We are facing an emergency: the scientists of the IPCC are agreed that our window of opportunity to limit global warming to 1.5ºC above pre-industrial levels is rapidly closing, with just a few years remaining. We must radically reduce our greenhouse gas emissions to reach global carbon neutrality by 2050. The EU and OECD countries, historically responsible for the majority of heating, must accelerate their efforts to reach this objective ten years earlier.
This can only happen with a total exit from fossil fuels, and not just from coal. Yet, according to the UNEP Production Gap report, countries’ planned fossil fuel production is 120% above the level that would limit warming to 1.5°C. If financial institutions do not act, fossil fuel companies will continue to easily access the financial services needed to not only operate existing facilities but also to develop new projects.
Indeed, an analysis of the policies adopted by banks, insurers, and investors demonstrated that not a single major financial player has adopted measures to put an end to fossil fuel development. If policies around coal exclusion are lacking, then the few adopted on certain oil and gas sub-sectors – tar sands, Arctic exploration and fracking – have even more gaps.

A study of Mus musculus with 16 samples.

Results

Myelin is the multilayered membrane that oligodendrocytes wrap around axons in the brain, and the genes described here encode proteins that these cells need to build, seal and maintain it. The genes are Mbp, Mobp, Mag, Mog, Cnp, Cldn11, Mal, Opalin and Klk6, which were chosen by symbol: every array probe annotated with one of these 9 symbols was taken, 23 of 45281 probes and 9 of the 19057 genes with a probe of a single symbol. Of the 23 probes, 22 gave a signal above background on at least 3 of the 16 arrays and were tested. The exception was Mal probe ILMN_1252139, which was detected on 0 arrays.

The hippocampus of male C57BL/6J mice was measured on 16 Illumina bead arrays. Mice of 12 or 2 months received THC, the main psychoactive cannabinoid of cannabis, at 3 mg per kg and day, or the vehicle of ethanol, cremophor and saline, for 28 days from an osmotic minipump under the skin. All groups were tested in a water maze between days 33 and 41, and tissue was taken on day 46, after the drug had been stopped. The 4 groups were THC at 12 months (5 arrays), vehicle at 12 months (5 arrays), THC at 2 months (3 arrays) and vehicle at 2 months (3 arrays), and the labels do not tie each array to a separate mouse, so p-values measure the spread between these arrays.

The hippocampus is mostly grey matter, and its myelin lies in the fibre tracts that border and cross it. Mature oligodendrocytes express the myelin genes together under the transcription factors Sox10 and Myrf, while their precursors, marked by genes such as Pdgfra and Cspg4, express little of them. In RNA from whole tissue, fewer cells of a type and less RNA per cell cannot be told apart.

Banks have provided $2.7 trillion in financing to fossil fuel companies since the adoption of the Paris Agreement, with annual financing increasing since 2016. Moreover, the companies behind the biggest fossil fuel project under development have benefitted from nearly $1.6 trillion in financing, including 126 billion dollars from French banks for oil and gas projects.
This must stop. Financial institutions should adopt robust engagement and exclusion policies that prevent the expansion of oil and gas and set companies on the path to decarbonise their activities.